Project Portfolio Management

Major Programs: Creating a Uniform Rhythm

When you feel like you have all the time in the world to be somewhere or get something done, you are setting yourself up for the most risk of being late. You lull yourself into a false sense of security! The same happens in major programs as well. In a post for the Association for Project Management, Neil McCrimmon explains how you can create a uniform rhythm in programs.

You Got Rhythm

Creating a rhythm that’s uniform throughout a program can be difficult to pull off. It requires managing different time zones, different vendors, and different clients all the same time. It may be “easy” to work faster when the deadline is more immediate, but how do you keep the pace up throughout the program?

There are some simple principles to adopt that can make this process easier, one of them being to establish key milestones. These should be able to work as health indicators of the program and be frequent enough to be able to gauge progress. This ties into the second of McCrimmon’s principles, which is to set up stage gates to provide markers of progress. Work backwards from your milestones to see what needs to be done before you reach certain points in your program.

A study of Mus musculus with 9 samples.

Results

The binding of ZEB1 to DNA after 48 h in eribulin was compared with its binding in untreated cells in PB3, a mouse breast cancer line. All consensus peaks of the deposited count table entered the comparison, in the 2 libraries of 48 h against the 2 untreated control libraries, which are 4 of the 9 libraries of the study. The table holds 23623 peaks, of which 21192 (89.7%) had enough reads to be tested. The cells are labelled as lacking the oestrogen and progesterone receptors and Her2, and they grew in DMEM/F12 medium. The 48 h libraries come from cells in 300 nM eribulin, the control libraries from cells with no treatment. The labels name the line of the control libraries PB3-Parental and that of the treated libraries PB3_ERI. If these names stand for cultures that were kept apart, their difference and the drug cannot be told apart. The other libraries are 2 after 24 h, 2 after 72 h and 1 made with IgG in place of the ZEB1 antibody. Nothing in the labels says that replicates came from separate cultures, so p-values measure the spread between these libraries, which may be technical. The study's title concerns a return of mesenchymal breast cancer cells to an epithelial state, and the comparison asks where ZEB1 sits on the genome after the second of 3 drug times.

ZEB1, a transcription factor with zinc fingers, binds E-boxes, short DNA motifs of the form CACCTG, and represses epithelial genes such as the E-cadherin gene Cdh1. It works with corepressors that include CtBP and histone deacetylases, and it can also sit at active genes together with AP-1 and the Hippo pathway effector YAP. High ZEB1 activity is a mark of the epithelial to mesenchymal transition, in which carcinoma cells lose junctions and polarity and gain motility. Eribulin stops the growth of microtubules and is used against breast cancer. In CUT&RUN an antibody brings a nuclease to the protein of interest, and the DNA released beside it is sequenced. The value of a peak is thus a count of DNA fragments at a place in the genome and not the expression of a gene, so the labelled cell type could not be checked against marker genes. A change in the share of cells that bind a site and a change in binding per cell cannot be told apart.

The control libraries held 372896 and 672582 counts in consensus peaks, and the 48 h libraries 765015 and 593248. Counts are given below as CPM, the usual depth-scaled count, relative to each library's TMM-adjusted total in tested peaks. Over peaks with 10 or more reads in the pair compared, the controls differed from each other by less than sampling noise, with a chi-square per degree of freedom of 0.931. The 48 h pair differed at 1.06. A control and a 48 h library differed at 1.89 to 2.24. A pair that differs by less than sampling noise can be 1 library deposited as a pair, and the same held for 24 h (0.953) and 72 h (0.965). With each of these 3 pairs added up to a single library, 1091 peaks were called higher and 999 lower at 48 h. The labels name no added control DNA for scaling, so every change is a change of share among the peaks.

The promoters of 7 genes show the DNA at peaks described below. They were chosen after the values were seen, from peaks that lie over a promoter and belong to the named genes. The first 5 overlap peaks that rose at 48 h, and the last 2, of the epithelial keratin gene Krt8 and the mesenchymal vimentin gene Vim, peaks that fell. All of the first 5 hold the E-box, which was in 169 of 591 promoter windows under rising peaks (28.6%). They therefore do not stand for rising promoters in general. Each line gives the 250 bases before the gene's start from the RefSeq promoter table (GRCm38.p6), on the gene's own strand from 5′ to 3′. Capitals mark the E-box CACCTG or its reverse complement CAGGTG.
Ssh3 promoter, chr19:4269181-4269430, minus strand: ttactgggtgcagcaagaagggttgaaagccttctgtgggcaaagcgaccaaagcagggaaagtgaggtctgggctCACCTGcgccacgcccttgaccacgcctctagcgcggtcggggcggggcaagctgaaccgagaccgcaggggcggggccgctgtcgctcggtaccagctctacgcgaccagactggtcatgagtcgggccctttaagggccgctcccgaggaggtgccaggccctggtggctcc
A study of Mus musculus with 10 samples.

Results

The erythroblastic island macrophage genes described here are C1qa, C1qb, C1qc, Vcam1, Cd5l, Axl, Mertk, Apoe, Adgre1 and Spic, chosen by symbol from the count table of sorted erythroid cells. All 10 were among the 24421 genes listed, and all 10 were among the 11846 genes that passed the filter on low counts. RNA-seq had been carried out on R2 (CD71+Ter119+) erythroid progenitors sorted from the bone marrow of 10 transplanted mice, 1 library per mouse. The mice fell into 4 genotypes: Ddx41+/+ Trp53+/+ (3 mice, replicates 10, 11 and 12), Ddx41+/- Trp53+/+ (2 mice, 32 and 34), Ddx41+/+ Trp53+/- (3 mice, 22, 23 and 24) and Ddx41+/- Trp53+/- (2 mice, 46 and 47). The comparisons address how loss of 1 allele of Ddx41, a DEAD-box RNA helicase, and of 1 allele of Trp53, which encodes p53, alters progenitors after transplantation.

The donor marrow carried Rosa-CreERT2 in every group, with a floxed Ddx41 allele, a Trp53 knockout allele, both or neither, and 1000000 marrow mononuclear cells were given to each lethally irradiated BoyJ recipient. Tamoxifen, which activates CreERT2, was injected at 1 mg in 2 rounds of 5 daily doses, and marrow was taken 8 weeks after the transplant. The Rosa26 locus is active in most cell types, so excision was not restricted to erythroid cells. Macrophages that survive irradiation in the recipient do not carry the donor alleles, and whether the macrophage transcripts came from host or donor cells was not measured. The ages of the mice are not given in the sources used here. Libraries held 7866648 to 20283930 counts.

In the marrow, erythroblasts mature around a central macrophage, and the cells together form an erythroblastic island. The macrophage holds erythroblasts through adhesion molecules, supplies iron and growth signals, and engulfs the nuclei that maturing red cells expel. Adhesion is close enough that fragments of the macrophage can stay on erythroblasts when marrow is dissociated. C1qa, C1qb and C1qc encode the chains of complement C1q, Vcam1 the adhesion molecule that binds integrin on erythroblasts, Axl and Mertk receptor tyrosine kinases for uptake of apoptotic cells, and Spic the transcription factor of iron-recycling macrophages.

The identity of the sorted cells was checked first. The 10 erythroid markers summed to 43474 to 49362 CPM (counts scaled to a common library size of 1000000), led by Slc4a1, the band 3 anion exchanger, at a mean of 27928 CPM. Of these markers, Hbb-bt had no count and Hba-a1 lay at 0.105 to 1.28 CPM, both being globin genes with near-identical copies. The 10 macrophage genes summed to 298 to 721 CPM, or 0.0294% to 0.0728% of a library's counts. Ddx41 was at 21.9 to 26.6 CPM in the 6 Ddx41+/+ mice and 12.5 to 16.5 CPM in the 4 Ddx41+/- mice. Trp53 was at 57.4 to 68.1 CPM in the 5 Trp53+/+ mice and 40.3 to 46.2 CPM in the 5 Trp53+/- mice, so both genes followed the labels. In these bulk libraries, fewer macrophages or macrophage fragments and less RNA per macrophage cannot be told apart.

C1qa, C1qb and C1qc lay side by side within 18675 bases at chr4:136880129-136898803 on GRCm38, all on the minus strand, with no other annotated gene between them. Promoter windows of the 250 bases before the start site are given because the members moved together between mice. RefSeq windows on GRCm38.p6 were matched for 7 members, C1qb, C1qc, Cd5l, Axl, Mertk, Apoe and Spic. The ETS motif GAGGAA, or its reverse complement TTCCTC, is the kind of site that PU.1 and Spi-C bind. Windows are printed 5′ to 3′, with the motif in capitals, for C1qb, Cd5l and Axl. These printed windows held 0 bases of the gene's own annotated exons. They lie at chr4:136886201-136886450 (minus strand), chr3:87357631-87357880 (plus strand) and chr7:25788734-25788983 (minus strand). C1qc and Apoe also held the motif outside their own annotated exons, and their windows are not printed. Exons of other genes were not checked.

The third principle is to create the right culture for the program. You can incentivize people to complete their goals, but also personalize this part of the program. Check in with team members, see how people are doing, and actively establish an interest in the folks behind the magic. And finally, McCrimmon explains that communication is key:

Communicate, communicate, communicate. We’ve all been there when despite one set of dates internal project teams and external suppliers have not been clear or failed to understand the importance of expected delivery dates. It is a mystery to me, and I am sure to you too. So we must remain diligent and continue to communicate clearly and consistent aligned to the programme rhythm.

You can view the original post here:

Austin J. Gruver

Austin is a Staff Writer for AITS. He has a background in professional writing from York College.